On September 9, 2017, Elder Jeffrey R. Holland spoke at the Second Windsor Conference on Religious Persecution, following up on his speech last year about religious persecution in LDS Church history and how that relates to modern-day refugee experiences.
“How to turn around, walk proud, stop being seen as a victim, and become successful — that’s the Mormon experience. It's a teaching experience from the Mormons as a gift to the refugees of the world. That's why I asked him to come,” Baroness Emma Nicholson said about her decision to have Elder Holland speak, according to Mormon Newsroom.
“People can live without a lot of things,” Elder Holland said during his speech. “They can live sometimes without much food. They can live sometimes without much hygiene and nutrition. But they can't live without hope. They need to know that it's going to get better.” Here is just a small snippet from his speech:
"'I had actually seen a light, and in the midst of that light I saw two Personages, and they did in reality speak to me; and though I was hated and persecuted for saying that I had seen a vision, yet it was true; and while they were persecuting me, reviling me, and speaking all manner of evil against me falsely for so saying, I was led to say in my heart: Why persecute me for telling the truth? I have actually seen a vision; and who am I that I can withstand God, or why does the world think to make me deny what I have actually seen? For I had seen a vision; I knew it, and I knew that God knew it, and I could not deny it, neither dared I do it; at least I knew that by so doing I would offend God, and come under condemnation.'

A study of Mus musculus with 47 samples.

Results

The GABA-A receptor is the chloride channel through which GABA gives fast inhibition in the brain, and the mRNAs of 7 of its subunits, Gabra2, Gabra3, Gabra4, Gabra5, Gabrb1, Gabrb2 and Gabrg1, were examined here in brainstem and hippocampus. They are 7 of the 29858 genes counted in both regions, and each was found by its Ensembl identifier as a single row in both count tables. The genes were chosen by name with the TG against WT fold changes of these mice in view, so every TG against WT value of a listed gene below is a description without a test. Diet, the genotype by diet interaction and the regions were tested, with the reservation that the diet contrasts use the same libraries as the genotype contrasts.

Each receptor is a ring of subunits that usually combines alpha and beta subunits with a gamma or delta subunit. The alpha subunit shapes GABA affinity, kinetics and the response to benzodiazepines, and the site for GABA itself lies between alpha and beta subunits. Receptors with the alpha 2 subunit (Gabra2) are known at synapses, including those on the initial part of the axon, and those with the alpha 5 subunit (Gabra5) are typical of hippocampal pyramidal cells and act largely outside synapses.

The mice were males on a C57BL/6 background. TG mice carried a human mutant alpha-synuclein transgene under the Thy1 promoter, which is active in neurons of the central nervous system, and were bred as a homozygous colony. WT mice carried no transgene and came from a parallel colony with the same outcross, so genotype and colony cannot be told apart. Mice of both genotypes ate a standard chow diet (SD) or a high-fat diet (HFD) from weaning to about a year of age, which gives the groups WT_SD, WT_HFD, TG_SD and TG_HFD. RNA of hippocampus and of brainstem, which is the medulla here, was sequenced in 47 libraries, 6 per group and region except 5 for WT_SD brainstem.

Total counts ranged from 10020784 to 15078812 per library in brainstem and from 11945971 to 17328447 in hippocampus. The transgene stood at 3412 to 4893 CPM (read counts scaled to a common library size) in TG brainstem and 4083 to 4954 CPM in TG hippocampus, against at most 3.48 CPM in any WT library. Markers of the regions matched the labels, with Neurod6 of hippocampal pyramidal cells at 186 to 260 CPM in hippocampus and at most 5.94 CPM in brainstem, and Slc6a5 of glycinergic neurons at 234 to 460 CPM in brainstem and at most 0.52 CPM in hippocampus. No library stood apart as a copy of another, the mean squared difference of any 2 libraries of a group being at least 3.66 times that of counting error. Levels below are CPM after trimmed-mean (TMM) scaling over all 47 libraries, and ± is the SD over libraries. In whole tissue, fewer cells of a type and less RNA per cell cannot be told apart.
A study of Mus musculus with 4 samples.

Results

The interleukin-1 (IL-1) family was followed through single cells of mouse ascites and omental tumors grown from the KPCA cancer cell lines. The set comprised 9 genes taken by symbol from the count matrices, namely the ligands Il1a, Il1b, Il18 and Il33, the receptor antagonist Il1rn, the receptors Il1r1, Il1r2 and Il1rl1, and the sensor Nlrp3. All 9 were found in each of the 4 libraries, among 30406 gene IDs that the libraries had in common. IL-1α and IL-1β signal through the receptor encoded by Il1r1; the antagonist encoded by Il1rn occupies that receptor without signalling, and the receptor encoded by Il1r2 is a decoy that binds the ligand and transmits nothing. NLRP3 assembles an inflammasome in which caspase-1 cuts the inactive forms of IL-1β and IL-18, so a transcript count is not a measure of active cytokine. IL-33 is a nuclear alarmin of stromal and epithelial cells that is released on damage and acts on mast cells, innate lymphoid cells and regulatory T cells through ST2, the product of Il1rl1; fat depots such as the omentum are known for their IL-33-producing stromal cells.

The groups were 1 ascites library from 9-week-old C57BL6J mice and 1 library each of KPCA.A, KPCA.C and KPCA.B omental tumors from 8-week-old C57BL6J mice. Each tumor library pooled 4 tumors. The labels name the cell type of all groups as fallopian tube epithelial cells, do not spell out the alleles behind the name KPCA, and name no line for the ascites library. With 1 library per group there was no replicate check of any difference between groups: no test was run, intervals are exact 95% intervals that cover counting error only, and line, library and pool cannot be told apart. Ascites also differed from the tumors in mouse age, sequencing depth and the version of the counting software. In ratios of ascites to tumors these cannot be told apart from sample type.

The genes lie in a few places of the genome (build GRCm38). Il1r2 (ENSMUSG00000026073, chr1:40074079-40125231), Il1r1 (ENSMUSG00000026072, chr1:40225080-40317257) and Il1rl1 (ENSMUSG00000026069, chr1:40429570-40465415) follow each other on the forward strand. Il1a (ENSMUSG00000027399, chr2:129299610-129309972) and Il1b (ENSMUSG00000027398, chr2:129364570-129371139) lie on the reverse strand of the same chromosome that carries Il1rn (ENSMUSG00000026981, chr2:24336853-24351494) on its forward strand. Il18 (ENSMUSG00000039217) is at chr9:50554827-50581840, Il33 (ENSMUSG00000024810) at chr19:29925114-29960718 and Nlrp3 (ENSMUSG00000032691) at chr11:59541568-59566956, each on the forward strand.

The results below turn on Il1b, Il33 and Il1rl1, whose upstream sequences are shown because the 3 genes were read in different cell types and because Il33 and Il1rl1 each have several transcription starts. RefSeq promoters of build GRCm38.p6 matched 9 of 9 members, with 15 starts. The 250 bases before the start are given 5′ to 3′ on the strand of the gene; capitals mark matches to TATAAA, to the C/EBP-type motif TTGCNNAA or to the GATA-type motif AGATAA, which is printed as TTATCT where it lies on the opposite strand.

"In a sense, that passage is the key to Latter-day Saint survival and eventual success. Individual conviction leading to purposeful action, no matter how great the odds against us, is not only our story but the story of many individuals and many institutions that have made a difference in the world.
"Latter-day Saints continue to follow this pattern worldwide. They seek a spiritual witness, ask for divine help, and strive to see that their actions concord with divine will. Such spiritual conviction combines faith and works in a way that can move mountains. An ancient prophet who lived on the American continent some five centuries before Christ is recorded in the Book of Mormon as saying:
“'Wherefore, we search the prophets, and we have many revelations and the spirit of prophecy; and having all these witnesses we obtain a hope, and our faith becometh unshaken, insomuch that we truly can command in the name of Jesus and the very trees obey us, or the mountains, or the waves of the sea.'
"This personal testimony of God’s existence, His power, and His hand in our daily lives is the fount from which Latter-day Saints draw strength when faced with life’s challenges, great or small. It is what moved the Latter-day Saints on their forced religious migration—sometimes on foot pulling handcarts across the Great Plains and into the Rocky Mountains—and it is what propels our members today to face life’s vicissitudes with courage, determination, and hope."